Krishna Prasad Bhattarai, lovingly dubbed the “saint prime minister” of Nepal for an exemplary political life untarnished by any scandal, and an active participant in India’s Quit India movement against British colonial rule, has died of multiple organ failure, doctors said.
The 87-year-old, who had been battling for his life in a Kathmandu hospital since last month, had been in coma since Wednesday and breathed his last at 11.46 p.m. Friday.
Born in Ramnagar village in India’s Bihar district to a family of priests who were forced into exile by Nepal’s draconian Rana prime ministers, Bhattarai joined the Quit India movement of 1942 when he was 18 and spent several months in India’s prisons for the act of defiance.
Inspired by India’s struggle for independence, Bhattarai and other Nepalis exiled in India dreamt of ending the autocratic Rana rule in Nepal and ringing in multi-party democracy.
In 1950, the Nepali Congress party was formed in exile in Kolkata and the democrats fanned out to Patna, Benaras and Kolkata, seeking to begin an armed movement in Nepal.
Though a Gandhian, Bhattarai was part of an armed uprising in southern Nepal the following year, capturing money and weapons.
On returning to Nepal, he was imprisoned for almost 14 years with the first eight years spent without any trial.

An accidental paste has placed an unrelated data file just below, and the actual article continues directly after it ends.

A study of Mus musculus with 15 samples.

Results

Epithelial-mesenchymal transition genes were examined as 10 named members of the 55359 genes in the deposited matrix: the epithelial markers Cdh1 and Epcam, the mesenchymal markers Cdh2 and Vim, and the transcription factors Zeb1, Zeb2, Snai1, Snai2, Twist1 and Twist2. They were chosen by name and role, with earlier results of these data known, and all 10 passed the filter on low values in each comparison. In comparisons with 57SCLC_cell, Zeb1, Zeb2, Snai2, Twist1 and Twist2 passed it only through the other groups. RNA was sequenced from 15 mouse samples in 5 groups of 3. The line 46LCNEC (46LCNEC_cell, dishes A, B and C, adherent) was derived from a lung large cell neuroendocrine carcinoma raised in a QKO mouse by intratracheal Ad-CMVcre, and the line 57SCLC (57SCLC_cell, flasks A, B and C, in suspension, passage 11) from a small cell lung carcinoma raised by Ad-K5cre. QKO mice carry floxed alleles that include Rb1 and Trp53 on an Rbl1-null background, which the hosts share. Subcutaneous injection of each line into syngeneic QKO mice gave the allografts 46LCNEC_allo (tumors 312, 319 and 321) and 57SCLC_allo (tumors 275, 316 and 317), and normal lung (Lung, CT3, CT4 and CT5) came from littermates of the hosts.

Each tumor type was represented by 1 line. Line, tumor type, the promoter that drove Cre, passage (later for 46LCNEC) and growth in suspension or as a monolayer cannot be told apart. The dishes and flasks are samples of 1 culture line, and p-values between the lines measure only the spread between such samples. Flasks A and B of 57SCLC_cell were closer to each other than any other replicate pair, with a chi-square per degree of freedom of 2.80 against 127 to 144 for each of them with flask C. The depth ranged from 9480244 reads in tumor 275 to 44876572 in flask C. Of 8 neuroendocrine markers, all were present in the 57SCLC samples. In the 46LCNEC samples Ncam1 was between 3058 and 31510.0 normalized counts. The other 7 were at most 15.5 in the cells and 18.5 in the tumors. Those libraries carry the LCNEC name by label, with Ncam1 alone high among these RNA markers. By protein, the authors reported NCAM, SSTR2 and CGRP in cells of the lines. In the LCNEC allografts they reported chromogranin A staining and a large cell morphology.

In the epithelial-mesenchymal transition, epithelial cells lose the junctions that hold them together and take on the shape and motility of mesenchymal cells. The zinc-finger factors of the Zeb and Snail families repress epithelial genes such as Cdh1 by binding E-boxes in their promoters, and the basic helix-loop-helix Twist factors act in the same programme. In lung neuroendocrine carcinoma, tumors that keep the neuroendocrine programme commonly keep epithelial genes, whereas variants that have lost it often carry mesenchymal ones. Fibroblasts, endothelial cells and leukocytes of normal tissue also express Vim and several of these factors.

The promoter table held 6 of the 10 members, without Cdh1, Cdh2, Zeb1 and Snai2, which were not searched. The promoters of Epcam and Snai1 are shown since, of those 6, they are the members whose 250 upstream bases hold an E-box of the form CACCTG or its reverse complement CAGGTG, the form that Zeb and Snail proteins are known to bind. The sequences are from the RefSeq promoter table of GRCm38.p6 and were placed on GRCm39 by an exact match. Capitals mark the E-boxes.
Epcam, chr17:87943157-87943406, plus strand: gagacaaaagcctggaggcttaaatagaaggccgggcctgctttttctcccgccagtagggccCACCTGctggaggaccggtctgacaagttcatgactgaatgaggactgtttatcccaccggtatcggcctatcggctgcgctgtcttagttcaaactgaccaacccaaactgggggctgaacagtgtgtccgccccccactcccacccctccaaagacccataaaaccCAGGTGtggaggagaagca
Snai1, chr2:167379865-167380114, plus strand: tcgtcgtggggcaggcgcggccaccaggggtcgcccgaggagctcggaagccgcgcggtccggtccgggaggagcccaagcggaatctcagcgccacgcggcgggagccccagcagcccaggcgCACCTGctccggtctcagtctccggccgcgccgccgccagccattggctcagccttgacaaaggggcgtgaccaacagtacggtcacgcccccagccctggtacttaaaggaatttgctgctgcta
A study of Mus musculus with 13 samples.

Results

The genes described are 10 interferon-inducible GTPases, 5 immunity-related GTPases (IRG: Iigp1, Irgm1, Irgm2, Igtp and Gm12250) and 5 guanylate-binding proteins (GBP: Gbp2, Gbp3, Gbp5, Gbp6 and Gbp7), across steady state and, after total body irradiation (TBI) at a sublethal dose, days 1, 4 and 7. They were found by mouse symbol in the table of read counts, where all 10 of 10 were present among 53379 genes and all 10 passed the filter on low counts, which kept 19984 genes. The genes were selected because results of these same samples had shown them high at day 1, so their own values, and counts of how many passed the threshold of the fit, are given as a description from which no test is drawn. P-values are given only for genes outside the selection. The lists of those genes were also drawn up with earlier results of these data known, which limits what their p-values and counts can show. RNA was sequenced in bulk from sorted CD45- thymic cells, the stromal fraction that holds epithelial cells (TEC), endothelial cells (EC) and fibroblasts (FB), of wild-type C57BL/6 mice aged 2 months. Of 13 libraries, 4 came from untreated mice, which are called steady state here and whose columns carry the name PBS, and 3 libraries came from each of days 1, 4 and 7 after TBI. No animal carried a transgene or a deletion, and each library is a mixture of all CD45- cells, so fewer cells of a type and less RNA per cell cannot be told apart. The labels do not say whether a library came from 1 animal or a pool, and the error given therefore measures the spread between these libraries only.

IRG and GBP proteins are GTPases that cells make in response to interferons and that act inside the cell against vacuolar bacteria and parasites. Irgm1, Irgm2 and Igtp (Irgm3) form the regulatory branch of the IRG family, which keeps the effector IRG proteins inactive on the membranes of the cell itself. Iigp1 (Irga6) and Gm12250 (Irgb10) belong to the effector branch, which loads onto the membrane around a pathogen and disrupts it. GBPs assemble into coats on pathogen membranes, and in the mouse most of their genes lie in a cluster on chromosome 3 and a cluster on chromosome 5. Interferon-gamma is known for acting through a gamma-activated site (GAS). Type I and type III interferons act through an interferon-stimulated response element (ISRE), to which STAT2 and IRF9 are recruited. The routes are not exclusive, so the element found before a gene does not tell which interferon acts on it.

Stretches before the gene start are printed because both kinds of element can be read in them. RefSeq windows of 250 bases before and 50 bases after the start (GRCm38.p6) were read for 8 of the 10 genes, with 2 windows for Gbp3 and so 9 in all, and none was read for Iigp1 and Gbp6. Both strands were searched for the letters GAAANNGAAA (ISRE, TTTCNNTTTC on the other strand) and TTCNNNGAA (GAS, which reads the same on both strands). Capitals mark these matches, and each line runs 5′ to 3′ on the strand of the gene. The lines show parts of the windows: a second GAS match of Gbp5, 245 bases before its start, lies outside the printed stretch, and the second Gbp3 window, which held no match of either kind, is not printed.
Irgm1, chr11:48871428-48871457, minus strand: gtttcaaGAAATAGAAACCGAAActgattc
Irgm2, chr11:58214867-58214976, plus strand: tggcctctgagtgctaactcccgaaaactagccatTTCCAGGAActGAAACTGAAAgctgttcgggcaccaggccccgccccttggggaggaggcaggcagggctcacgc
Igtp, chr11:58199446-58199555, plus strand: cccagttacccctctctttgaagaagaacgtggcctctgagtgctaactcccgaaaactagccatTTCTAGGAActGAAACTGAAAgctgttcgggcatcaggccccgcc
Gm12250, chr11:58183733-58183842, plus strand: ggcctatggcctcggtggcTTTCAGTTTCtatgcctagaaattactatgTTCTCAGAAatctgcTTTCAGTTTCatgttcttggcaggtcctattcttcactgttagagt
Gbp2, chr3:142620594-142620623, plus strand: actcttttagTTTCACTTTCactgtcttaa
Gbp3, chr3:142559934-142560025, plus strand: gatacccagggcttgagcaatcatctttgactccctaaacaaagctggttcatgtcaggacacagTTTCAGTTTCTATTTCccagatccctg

Bhattarai and his compatriots tasted their first triumph in 1990 when a pro-democracy movement clipped the power of the Shah kings, who had succeeded the Rana prime ministers, and the ban on political parties was lifted.
He became the prime minister, heading an interim government whose achievements were holding the first free and fair elections and promulgating a new constitution that guaranteed democratic rights.
However, the internal tussle for leadership in the party saw him ousted by the growingly ambitious Girija Prasad Koirala.
Nine years later, realising Bhattarai’s hold on the people, Koirala promised to make him prime minister on the eve of fresh general elections, a clever campaign that ensured victory for the party in 1999.
Though Bhattarai became prime minister a second time in 1999, he had to quit after only nine months with Koirala seeking leadership once again.
A disillusioned Bhattarai left active politics in 2003 and the party four years later.
He was described by people close to him as upright, retaining an impish sense of humour, and uncomplaining.
He was also the one rare leader who openly advocated retaining constitutional monarchy at a time Nepal was heading towards the abolition of the crown but was allowed to speak his mind without receiving brickbats.
Bhattarai, who had come in contact with Indian leaders like Mahatma Gandhi, Jawaharlal Nehru and Jay Prakash Narayan, died a bachelor, living in a simple ashram gifted to him by the government.
His last rites will be performed at the Pashupatinath temple premises Sunday.